Different photography file formats on DSLRs and computers apply different levels of compression. Advanced photographers tend to try to avoid compression by shooting RAW files, which have no compression at all applied to them.
It is useful to understand the two different types of compression, so that we can understand the effect they have on files. Read on to answer the question: What is compression?
- Lossless Compression. This is similar to creating a ZIP file on a computer. Data is compressed to make it smaller, but no quality is lost when the file is extracted and opened at full size. It will be identical to the original image. TIFF is the most commonly used file format that uses lossless compression.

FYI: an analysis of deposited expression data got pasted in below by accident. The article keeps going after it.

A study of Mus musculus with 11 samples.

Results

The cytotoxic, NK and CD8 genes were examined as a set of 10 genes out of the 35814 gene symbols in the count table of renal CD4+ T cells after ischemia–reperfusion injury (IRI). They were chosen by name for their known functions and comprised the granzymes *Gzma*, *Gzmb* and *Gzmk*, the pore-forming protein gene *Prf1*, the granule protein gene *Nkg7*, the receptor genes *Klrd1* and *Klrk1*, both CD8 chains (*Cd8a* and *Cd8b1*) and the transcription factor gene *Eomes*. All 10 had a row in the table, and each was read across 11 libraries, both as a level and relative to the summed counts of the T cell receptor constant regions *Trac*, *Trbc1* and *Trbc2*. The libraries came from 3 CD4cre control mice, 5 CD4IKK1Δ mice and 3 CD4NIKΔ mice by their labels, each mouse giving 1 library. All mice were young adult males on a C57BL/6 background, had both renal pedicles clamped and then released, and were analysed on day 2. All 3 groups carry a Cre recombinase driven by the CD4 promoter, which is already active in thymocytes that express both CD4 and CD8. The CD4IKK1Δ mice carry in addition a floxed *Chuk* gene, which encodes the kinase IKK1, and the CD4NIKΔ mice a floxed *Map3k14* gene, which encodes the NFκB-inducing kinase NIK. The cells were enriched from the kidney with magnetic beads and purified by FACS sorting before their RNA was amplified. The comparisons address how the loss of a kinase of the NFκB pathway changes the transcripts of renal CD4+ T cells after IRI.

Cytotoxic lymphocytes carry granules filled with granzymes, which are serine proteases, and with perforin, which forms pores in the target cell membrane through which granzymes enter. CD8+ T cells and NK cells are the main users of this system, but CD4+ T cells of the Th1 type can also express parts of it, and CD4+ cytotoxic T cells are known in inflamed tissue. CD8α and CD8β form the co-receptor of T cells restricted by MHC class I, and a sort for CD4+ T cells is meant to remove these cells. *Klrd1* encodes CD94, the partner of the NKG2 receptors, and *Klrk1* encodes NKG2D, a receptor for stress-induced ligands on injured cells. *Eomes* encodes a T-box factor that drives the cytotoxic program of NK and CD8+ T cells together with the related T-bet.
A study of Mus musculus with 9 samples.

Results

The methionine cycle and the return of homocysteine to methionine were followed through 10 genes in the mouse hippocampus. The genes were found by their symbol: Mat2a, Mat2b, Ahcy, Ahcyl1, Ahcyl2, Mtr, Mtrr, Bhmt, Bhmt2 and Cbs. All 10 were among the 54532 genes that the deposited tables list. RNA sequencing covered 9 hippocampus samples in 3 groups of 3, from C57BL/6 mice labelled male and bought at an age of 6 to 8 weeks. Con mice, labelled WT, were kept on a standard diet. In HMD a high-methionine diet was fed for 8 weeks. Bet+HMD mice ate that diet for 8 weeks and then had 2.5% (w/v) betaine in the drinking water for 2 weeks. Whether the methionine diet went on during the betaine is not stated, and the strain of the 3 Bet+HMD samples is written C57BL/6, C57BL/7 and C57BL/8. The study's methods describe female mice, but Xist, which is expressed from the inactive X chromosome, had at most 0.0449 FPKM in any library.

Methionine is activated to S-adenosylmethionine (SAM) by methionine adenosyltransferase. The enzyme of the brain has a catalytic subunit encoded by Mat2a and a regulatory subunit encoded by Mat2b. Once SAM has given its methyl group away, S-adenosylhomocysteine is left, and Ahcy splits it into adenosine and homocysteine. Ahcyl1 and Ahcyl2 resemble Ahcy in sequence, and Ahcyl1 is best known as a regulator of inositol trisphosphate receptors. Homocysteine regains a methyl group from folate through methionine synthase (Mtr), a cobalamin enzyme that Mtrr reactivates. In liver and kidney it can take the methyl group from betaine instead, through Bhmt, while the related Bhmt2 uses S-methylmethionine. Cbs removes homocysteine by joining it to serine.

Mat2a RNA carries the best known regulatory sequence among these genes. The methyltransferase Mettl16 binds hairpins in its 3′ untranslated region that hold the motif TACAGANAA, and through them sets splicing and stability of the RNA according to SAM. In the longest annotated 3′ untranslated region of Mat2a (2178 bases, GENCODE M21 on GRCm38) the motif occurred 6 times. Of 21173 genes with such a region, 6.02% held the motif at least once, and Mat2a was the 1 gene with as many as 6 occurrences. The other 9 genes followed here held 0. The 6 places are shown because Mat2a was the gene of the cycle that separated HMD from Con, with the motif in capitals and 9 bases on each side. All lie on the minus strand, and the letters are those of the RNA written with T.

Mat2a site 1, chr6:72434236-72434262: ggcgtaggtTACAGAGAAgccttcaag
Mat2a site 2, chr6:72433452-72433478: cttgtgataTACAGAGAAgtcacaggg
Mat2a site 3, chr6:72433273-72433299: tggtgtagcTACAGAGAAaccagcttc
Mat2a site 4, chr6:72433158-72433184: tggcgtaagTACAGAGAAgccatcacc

- Lossy Compression. This sort of compression works by discarding information, and the amount of compression applied can be chosen by the photographer. JPEG is the most commonly used file format for lossy compression, and it allows photographers to save space on memory cards or to produce files suitable for e-mailing (for example). However, it should be noted that each time you open, modify, and then re-save a "lossy" file, a little bit more detail is lost.
How Digital Compression Actually Works
Digital compression is a twofold process. First, a digital sensor is capable of capturing far more information than the human eye can actually process. Therefore, some of this information can be removed during compression without the viewer actually noticing!
Second, the compression mechanism will look for any large areas of repetitive color, and will remove some of the repeated areas. They will then be reconstructed into the image when the file is expanded.